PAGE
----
Opponents fear a proposed change will revive the “annexation wars” between large and small cities, but supporters say it’s better for individual landowners.
Sponsored by Rep. Larry Howes (R-Walker), HF753 would allow property owners whose land sits on a municipal boundary line to petition to have their land detached and annexed from one city to another, providing that at least one city supports the change. Under current law, both cities must support the proposed annexation.
With the support of a resolution from one of the affected cities, a property owner could take his case to an administrative law judge, who would have the power to order the detachment and annexation. Howes said judges would serve as a check against annexations that would be unfair to an affected municipality.
“If (the judge) sees that it’s going to harm one of the cities or that owner or other owners, they’re not going to follow through with that,” he said.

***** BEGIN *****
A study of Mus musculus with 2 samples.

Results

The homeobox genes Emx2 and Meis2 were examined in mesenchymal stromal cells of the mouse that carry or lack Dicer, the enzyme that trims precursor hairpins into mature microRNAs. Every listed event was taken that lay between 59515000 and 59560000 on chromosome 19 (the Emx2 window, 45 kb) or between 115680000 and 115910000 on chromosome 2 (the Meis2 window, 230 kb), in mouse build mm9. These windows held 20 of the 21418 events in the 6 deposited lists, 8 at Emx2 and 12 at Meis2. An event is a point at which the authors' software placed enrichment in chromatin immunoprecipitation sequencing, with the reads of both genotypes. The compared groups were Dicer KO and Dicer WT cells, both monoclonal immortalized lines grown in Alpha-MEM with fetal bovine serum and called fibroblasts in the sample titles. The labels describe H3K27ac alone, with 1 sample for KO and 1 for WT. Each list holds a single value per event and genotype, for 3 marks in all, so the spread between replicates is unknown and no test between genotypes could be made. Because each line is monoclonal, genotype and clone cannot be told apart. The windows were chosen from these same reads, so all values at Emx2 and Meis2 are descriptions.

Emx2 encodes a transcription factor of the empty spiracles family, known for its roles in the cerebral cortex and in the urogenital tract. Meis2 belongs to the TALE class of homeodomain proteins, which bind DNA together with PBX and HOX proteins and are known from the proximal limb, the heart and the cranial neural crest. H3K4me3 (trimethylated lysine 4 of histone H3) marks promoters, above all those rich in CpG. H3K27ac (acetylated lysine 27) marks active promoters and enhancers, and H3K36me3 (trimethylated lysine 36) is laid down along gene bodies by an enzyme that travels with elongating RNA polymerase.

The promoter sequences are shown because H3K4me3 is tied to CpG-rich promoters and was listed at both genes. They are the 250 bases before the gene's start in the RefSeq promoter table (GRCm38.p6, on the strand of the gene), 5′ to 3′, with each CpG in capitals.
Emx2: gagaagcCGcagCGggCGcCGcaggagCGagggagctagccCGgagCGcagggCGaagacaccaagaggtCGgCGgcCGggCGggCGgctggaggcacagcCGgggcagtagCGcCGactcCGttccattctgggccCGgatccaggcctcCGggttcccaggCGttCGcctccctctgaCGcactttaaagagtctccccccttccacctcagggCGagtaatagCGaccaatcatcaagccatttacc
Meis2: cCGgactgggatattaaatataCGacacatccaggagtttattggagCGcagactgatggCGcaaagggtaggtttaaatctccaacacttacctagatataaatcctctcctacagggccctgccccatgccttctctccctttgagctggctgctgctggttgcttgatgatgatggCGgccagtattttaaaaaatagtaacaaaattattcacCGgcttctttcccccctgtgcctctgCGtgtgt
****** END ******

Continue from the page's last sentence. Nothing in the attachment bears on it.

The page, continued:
The House Government Operations and Elections Committee approved the bill and sent it to the House floor. It has no Senate companion.
Howes said the proposed change was supported by the recommendations of the Municipal Boundary Adjustment Advisory Task Force – a bipartisan group assembled by the Legislature to review annexation laws. The task force issued its final report in 2009. Howes noted that the League of Minnesota Cities and the Minnesota Association of Townships support the bill.
Opponents included Bruce Messelt, city administrator for Lake Elmo, who warned that the bill could revive the “costly border wars” – expensive legal disputes – that occurred before the law was changed in 2006 to require support from both affected cities.
“We’re very concerned that this would basically create zoning shopping – that if you’re not satisfied in your own community, you simply go to another elected body and create that conflict up front,” he said.